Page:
Page 1 of 3 | © 2005-2010 text by Michael Jacobi
This article has been slightly edited and expanded from its print release [ARACHNOCULTURE 1(3)] for this E-Zine version.
The Back Page column of this magazine’s debut issue was entitled "Crickets Suck!" The Back Page is intended to be irreverent and amusing, while still being instructional. Within the sarcasm of the cricket piece, among the points made were that crickets are expensive, short-lived, noisy, foul-smelling, and may present risks to captive arachnids by killing them during molts, attracting pests or transmitting parasites. A comprehensive discussion of the methods of culturing and rearing some of the food items is beyond the scope of this article, but some breeding and care tips will be given along with pointers to more detailed information.
Many arachnid enthusiasts not only raise exotic roaches as food for their animals, but also have a great interest in these fascinating creatures and keep them as pets. What roach haters do not realize is that of the thousands of roach species worldwide only a few dozen are actually pests. These pest species prosper in filthy environments, but roaches are not themselves dirty. Most live in forest leaf litter, caves and other areas away from human habitation.
A wide variety of roach species are now cultivated in captivity and are readily available to the hobbyist. These species can be split into two groups: those that can climb smooth vertical surfaces such as glass, and those that cannot. A popular example of a glass-climber is Gromphadorhina portentosa, the Madagascan hissing roach. This is a popular pet species, but avoided by many roach breeders due to their hard exoskeleton and climbing ability. Nauphoeta cinerea, commonly known as the lobster roach, is a small climbing roach species that produces babies small enough for tiny spiderlings and scorplings and are among the most prolific and hardy roaches in captivity. The roach species I raise and recommend are all non-climbers: Blaberus craniifer, B. discoidalis, B. fusca, Blaberus sp. hybrids and Blaptica dubia. Two Eublaberus species, E. distanti and E. prosticus, are also popular among keepers, but the latter species is partially carnivorous and cagemates eagerly chew upon each other. This tendency can be reduced by adding foods very high in animal protein (e.g., ferret food), but the activity never disappears completely.
Roach husbandry is fairly straightforward. A secure and ventilated enclosure of adequate size, shelter and climbing surfaces, heat, and food and water are the basic requirements. Although aquaria can be used, less expensive and fragile containers such as large plastic storage tubs and 5-gallon buckets are preferred by many keepers. To provide ventilation a sharp knife may be used to cut out sections of the top and sides of the enclosure and these openings should then be covered by aluminum insect screening affixed by hot glue or aquarium-safe silicone sealant. Finer screen such as microscreen (or a porous fabric) may be necessary to prevent small gnats and flies from entering the enclosure to help themselves to the roaches' food. Egg cartons [see www.eggcartons.com] are the best material to provide the roaches with both shelter and climbing surfaces. When placed vertically—identical sides against each other to prevent nesting of the cartons—the increased surface area provided by the egg cartons allows a greater number of roaches to be housed in a container.
As with keeping other invertebrates, substrate is a matter of personal preference. Some roach breeders provide no substrate at all to facilitate maintenance, whereas others choose aspen shavings, coconut coir, peat moss, or soil. Substrate seems to be beneficial as roaches readily burrow in it, especially babies. Regardless of what substrate is chosen, it is important to remove uneaten fresh foods and monitor moisture to prevent mold and fungus.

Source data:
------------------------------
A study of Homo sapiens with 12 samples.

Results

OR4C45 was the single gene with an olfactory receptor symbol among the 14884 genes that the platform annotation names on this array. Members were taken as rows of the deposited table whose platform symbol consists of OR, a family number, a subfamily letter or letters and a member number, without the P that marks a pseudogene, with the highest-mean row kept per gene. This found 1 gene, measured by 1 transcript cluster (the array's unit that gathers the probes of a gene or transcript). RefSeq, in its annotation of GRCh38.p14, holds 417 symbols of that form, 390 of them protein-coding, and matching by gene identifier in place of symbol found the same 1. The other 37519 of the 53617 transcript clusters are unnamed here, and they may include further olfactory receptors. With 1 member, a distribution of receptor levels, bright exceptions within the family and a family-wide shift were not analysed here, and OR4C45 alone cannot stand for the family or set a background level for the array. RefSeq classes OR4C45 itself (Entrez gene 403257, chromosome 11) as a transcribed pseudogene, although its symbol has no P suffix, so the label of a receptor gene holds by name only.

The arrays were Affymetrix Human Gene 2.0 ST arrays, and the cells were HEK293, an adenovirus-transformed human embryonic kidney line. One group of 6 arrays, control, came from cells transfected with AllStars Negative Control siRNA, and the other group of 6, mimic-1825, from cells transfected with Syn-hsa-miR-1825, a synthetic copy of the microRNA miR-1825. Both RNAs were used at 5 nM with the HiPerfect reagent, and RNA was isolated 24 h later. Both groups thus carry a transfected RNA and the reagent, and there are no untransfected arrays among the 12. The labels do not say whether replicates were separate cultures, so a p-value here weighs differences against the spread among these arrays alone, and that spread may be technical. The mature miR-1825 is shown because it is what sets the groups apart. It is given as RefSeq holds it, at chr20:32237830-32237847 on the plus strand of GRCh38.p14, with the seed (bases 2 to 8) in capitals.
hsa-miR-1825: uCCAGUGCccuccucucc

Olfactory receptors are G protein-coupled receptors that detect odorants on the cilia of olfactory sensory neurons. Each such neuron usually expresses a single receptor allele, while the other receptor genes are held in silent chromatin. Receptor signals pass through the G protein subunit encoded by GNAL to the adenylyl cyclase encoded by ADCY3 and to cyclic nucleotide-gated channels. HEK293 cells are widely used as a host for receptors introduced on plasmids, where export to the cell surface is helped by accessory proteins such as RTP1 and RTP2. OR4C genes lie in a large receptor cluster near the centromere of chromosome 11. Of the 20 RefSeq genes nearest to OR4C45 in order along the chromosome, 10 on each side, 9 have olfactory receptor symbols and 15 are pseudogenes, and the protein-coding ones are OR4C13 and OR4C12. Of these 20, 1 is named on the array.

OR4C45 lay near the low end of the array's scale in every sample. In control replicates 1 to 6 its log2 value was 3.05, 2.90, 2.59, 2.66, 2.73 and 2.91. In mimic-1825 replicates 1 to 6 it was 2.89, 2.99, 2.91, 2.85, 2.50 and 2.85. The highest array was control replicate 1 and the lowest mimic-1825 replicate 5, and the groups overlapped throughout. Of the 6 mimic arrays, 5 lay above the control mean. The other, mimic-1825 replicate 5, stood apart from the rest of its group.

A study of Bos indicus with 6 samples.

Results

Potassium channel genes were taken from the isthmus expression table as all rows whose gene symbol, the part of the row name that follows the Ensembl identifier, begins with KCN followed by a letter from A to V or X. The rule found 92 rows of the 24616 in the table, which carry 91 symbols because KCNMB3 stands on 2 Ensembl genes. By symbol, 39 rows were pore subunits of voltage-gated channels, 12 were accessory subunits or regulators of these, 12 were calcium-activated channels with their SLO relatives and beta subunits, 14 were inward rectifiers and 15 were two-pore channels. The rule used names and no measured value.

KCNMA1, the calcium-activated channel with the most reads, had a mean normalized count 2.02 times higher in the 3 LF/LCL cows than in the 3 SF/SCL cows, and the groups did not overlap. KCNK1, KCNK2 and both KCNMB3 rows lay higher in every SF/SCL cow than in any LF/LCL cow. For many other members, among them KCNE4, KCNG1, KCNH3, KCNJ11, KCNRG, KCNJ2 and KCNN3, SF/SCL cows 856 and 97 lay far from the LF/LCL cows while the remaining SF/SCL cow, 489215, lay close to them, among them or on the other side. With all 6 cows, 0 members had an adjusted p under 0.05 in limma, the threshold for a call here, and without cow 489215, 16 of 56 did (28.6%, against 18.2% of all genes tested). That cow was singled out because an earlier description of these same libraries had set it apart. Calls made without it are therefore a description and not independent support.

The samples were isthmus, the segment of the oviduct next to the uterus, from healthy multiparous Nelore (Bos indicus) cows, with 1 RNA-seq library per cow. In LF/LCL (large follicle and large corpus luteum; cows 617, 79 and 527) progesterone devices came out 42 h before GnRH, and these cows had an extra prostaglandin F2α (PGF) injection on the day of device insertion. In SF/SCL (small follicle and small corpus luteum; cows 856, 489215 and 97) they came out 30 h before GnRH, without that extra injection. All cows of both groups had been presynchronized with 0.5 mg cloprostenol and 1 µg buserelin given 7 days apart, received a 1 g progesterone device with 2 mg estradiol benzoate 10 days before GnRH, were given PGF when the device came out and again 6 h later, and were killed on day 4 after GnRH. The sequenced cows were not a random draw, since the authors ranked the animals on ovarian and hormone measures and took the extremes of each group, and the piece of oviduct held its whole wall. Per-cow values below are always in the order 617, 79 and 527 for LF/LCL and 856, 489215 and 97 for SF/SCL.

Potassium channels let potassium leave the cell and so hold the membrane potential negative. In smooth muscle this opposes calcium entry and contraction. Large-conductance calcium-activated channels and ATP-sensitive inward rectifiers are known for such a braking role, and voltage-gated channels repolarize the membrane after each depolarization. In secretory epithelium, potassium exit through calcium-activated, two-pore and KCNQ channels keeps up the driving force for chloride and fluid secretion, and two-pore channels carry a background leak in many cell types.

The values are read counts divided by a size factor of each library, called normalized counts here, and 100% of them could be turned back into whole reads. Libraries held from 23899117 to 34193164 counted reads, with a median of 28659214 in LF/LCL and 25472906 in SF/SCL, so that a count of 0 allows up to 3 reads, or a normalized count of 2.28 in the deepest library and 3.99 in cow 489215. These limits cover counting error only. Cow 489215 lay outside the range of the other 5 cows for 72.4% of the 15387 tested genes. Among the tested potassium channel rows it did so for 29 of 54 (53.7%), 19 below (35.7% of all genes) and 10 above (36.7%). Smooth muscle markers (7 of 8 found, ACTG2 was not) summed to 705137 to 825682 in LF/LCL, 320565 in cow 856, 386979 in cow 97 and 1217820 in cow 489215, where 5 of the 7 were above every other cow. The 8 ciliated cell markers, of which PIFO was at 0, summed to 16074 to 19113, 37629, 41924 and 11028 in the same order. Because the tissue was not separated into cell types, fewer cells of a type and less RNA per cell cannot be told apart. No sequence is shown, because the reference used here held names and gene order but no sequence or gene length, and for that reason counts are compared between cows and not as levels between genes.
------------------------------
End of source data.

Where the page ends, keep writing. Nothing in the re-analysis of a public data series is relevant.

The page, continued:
A heat source is necessary to maximize roach production. It seems that the hotter roaches get, the faster they breed. I know of a keeper who maintains a special closet for his roaches at 90-95°F [32-35°C]. He reports an increase in production during the summer when temperatures can exceed 100°F [38°C]. Besides heating a room or an area, two methods can be employed for providing supplemental heat: incandescent light or ceramic heat emitters and heat tape or mats such as those marketed for reptiles. My roach enclosures are in an 80°F [27°C] room and heat tape is used to raise one end of the enclosure to 90°F [32°C]. All heat sources should be thermostatically controlled for safety. If incandescent light is used for heat, special bulbs that produce minimal visible light are best. A number of reptile product manufacturers market red, dark blue and black bulbs that are ideal [e.g., Exo-Terra® NightGlo™ moonlight lamp and HeatGlo™ infrared heat lamp] and also make ceramic heat emitters that are installed in light fixtures yet produce no light at all.
Fresh water can be provided to roaches in a shallow dish or by using a chick waterer (often sold by cricket farms as "cricket fountains"). Some keepers use water gel sold in reptile specialty pet stores or made with polyacrylamide crystals obtained from horticultural companies [see www.watersorb.com]. Sponges should not be used as these quickly become filthy bacteria breeding grounds. Personally, I do not provide my roaches with any water. I have found providing them with plenty of vegetables and fruit with high moisture content keeps them well hydrated.
The recipe for my Bug Power Feed dry diet is downloadable here. Plenty of leafy dark greens, zucchini and yellow squash, carrot, apple, orange, and banana should be offered in addition to this dry diet.
For more information on roaches see Allpet Roaches by Willis & McMonigle [www.elytraandantenna.com] and download my "General Care and Breeding of Roaches of the genera Blaberus, Blaptica and Eublaberus".